Goldman Sachs, arguably the most storied investment bank on Wall Street, suffered a black eye Wednesday -- delivered by one of its own.
Greg Smith, an executive director at the bank, resigned with a blistering editorial that accused the bank of losing its "moral fiber," putting profits ahead of customers' interests and dismissing customers as "muppets." The stinging essay, "Why I Am Leaving Goldman Sachs," appeared in The New York Times.
Goldman issued a three-sentence statement disagreeing with Smith. "In our view," the bank said, "we will only be successful if our clients are successful. This fundamental truth lies at the heart of how we conduct ourselves."
Smith worked for Goldman in London, but the bank did not provide further details. Smith, identified by the Times as head of the company's U.S. equity derivatives business in Europe, the Middle East and Africa, wrote that he attended sales meetings in which helping clients make money was not part of the discussion.
"If you were an alien from Mars and sat in on one of these meetings, you would believe that a client's success or progress was not part of the thought process at all," he wrote.
Smith wrote that Goldman had devolved from a company he was proud to work for when he joined. He said the bank needs to "weed out the morally bankrupt people" and suggested that the erosion of Goldman's culture threatened its future.
Smith wrote that there are easy paths to becoming a leader at Goldman, including persuading clients to invest in products that the company wants to get rid of or that will bring the most profit to Goldman.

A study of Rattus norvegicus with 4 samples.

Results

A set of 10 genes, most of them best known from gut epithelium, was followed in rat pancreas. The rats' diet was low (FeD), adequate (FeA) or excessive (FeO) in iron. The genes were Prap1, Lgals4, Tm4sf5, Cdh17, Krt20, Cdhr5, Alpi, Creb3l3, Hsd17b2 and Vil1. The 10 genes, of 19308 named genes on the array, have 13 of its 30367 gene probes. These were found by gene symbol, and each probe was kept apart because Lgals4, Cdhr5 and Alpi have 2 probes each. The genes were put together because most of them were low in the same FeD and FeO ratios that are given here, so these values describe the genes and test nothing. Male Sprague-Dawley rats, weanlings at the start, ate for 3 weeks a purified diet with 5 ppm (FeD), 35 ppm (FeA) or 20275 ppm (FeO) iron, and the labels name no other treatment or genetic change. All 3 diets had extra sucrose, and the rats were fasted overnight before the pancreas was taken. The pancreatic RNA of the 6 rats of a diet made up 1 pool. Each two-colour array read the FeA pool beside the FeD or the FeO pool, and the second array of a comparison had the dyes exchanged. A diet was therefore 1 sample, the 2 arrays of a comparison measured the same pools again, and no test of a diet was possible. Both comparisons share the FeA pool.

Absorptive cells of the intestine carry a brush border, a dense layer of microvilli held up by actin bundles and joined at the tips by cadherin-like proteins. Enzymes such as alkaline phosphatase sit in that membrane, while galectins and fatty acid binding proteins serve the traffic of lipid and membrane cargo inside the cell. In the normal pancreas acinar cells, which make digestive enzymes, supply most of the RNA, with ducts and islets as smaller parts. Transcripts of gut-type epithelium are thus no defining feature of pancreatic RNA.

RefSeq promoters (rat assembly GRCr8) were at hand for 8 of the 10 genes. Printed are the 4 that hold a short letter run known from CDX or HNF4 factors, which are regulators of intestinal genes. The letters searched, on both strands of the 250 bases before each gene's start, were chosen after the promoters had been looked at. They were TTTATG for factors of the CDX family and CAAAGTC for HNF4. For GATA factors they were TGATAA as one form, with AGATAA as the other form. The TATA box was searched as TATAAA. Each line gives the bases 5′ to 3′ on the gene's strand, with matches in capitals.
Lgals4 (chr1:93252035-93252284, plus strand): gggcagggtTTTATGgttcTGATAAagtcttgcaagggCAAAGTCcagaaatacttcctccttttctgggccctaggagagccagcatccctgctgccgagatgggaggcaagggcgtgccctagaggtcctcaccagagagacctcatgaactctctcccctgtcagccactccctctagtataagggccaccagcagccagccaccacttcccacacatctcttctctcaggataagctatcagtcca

Another way, he said, is to "find yourself sitting in a seat where your job is to trade any illiquid, opaque product with a three-letter acronym."
On Wall Street, the piece may have been shocking in tone, but it was not surprising in content. Goldman's peers, even some of its customers, take its pursuit of profit as ordinary business. "I would be very surprised if it did anything more than anger the people who are already hostile to Goldman," said Lawrence Baxter, a former executive at Wachovia who teaches at Duke University's law school.
Goldman's success has made it one of the most powerful engines on Wall Street. Goldman survived the financial crisis in 2008, which crushed two of its rivals, Bear Stearns and Lehman Bros., and hobbled Merrill Lynch.
Goldman is also known for churning out leaders who run the world. Henry Paulson, who was Treasury secretary when the government devised its $700 billion rescue of banks in 2008, is a former CEO. So is Jon Corzine, the former New Jersey governor who was at the helm of the brokerage MF Global when it collapsed.